See the full article on Entrepreneur.com

A bipolar brain is by nature difficult to manage. As are startups. Together the intricacies of manic depression can make life running a startup a particularly interesting challenge to say the least.

For example, no pre-revenue founder trembling with mind fogging panic has likely ever hit a lucrative home run with a potential investor on the teetering on the edge.

Nor has a depressed 1st time entrepreneur who recently ghosted a promising Angel’s calls to set up a casual meeting; merely because he couldn’t muster the energy to send a text to reschedule, let alone actually meet in person.

The Bright Side? With just the right amplitude and timbre of mania, a bipolar entrepreneur can get VCs on board, sell a shitload of ice to eskimos, unload a bridge or two, and flip a crappy 3 bedroom timeshare in Naples, Florida. But those scenarios are either painstakingly perfected over the course of years, or the result of one lucky crapshoot.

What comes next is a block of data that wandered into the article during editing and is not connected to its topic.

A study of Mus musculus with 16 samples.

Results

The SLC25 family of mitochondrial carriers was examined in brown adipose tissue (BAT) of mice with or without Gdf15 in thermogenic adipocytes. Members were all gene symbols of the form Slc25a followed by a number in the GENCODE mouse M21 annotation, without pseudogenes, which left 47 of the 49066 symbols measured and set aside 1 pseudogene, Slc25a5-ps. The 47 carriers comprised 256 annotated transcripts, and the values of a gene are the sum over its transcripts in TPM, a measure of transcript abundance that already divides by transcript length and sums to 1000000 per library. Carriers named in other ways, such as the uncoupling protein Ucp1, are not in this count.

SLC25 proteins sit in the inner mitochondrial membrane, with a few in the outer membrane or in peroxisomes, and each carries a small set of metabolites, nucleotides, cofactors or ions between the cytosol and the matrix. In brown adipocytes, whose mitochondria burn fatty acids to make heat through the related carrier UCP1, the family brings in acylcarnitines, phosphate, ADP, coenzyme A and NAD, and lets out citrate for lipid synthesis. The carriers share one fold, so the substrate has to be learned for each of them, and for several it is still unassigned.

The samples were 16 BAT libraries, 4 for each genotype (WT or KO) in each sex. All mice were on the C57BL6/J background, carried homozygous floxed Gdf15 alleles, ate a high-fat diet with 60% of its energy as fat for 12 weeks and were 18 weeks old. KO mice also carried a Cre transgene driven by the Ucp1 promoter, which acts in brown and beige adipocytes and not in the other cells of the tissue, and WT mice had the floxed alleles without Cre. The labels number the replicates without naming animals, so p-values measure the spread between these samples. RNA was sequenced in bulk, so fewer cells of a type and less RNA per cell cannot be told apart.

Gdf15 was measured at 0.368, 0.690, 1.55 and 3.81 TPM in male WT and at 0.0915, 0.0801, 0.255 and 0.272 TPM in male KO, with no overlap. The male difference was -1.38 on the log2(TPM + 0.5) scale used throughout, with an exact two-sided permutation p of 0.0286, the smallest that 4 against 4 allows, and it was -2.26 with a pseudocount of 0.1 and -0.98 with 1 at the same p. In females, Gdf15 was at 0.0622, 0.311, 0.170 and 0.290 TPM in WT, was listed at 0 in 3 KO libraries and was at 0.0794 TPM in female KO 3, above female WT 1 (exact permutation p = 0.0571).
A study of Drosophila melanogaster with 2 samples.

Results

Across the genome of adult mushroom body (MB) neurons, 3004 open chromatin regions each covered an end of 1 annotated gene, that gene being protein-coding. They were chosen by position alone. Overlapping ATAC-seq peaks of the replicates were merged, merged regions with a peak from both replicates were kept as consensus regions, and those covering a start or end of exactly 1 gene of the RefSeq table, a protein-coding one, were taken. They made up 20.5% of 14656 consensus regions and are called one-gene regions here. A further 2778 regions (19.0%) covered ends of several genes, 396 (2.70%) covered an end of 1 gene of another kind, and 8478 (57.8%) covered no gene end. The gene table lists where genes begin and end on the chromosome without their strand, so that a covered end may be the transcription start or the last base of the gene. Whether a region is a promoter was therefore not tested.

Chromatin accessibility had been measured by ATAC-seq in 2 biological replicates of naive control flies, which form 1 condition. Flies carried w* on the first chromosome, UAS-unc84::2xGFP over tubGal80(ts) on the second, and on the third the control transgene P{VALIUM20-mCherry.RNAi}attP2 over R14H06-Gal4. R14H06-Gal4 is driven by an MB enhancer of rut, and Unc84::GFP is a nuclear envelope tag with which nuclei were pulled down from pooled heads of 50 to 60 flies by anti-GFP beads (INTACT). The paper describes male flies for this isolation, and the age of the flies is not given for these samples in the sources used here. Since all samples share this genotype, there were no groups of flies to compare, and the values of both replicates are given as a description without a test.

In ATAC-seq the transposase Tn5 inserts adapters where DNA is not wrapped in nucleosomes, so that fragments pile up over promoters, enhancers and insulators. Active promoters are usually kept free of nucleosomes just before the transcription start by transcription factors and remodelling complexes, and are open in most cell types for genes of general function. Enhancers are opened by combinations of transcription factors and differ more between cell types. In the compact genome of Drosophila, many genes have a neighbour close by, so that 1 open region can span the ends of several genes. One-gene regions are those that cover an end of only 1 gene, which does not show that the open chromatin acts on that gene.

The general truth is that this illness can not only quash the deal at hand as well as future developments by crippling a professional’s long-term image as an effective, diligent, and consistent leader.

With all that in mind, here few statistics about mental illness among entrepreneurs I pulled from a TechCrunch piece by Jake Chapman, managing partner at Alpha Bridge Ventures.

Startup Founders are:

  • 2X more likely to suffer from depression
  • 6X more likely to suffer from ADHD
  • 3X more likely to suffer from substance abuse
  • 10X more likely to suffer from bi-polar disorder
  • 2X more likely to have psychiatric hospitalization
  • 2X more likely to have suicidal thoughts

Jake goes on to make a strong case supporting entrepreneurs with mental illness. He argues convincingly that today’s increasing prevalence of mental illness diagnoses among entrepreneurs is a problem the whole business community should concern itself with…for everyone’s benefit.

“Addressing the ongoing mental health catastrophe in entrepreneurship is a moral imperative, and for wise investors, it should be a function of doing business. Venture capitalists make their living off the blood, sweat and tears of founders. It is through their passion and efforts that we succeed or fail. We can either choose to see founders purely as a means to an end (generating returns) or we can see them as the whole people they are.”